The most accurate approach for modeling turbulent mixing is direct numerical simulation (DNS) which consists in directly discretizing the physical space, and solving the transport equation for the passive scalar along with the Navier-Stokes equation. However, this method is computationally prohibitive when applied to practical problems, due to the requirements in terms of spatial resolution, which needs to explicitly resolve the smallest of the Kolmogorov and Batchelor scales. Other strategies include large-eddy simulation and Lagrangian PDF methods are computationally more affordable than DNS, but still computationally intensive for many practical applications at the industrial and environmental scales. For practical applications, Reynolds-averaged Navier-Stokes (RANS) simulations are particularly attractive to describe turbulent mixing processes due to their low computational cost. In RANS methods, the evolution equation of the composition PDF is closed by introducing molecular mixing models, which are defined in terms of one-point turbulence statistics. As it will be illustrated later, these models typically require the scalar dissipation rate to be modeled, which may not be a trivial task in general non-homogeneous problems.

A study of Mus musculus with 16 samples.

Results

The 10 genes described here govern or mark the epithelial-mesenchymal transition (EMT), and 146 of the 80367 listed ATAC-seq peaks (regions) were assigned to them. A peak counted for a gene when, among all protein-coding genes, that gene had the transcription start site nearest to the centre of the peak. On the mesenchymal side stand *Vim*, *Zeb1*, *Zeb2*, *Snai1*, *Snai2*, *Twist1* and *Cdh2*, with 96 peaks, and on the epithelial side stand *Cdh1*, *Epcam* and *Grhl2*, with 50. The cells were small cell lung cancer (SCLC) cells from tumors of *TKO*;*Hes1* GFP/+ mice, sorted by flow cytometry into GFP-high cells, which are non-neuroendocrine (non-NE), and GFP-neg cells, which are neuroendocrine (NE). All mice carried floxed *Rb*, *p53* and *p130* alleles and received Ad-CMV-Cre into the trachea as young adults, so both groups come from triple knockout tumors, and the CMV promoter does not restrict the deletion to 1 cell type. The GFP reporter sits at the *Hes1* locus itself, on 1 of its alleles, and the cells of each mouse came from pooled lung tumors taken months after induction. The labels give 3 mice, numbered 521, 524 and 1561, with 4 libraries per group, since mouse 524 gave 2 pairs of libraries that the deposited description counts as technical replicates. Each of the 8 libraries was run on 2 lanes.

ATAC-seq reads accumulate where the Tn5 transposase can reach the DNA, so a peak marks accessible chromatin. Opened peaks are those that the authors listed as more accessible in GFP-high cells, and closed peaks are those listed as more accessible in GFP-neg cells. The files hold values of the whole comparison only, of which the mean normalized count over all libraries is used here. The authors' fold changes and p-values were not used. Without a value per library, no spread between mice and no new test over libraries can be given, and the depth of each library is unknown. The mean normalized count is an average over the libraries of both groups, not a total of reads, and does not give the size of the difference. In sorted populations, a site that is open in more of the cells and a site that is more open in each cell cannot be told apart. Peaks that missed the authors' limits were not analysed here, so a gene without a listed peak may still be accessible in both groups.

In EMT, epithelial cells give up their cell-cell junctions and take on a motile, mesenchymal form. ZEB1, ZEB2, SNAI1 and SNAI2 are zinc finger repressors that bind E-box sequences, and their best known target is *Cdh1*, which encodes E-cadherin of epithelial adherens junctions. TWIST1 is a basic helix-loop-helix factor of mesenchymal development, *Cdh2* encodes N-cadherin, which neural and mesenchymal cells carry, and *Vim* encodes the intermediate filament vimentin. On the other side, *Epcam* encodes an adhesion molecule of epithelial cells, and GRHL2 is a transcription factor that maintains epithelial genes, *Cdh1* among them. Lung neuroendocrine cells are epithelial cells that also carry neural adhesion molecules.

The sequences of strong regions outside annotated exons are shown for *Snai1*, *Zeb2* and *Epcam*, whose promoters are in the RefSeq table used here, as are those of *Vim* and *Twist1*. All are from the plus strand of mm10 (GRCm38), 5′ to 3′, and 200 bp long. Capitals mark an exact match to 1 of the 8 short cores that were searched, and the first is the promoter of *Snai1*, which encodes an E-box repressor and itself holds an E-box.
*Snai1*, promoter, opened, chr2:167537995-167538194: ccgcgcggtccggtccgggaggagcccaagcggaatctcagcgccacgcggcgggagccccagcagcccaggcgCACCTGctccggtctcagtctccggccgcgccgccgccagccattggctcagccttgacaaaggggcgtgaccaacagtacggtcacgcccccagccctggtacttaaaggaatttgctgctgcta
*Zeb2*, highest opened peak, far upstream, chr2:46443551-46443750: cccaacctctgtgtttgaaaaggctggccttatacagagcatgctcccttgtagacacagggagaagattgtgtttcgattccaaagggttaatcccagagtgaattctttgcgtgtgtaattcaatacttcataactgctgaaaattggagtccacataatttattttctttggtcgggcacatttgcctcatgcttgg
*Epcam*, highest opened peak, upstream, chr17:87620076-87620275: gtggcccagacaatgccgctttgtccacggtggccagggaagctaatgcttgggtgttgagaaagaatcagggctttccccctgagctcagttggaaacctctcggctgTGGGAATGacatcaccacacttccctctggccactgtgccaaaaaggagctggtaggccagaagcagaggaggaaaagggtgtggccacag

An extended quadrature method of moments using the β kernel density function (β-EQMOM) is used to approximate solutions to the evolution equation for univariate and bivariate composition probability distribution functions (PDFs) of a passive scalar for binary and ternary mixing. The key element of interest is the molecular mixing term, which is described using the Fokker–Planck (FP) molecular mixing model. Using scalar moments up to fourth order, the ability of the FP model to capture the evolution of the shape of the PDF, important in turbulent mixing problems, is demonstrated. Compared to the widely used assumed β-PDF model [S. S. Girimaji, “Assumed β-pdf model for turbulent mixing: Validation and extension to multiple scalar mixing,” Combust. Sci. Technol. 78, 177 (1991)], the β-EQMOM solution to the FP model more accurately describes the initial mixing process with a relatively small increase in computational cost.
Journal articles with peer review
- Madadi-Kandjani, E., Fox, R. O., and Passalacqua A. 2017. Application of the Fokker-Planck molecular mixing model to turbulent scalar mixing using moment methods. Physics of Fluids, 29, 065109.
- Madadi-Kandjani, E., Passalacqua, A., 2015. Solution of the Fokker-Planck equation using the extended quadrature method of moments. AIChE Annual Meeting, Salt Lake City, UT.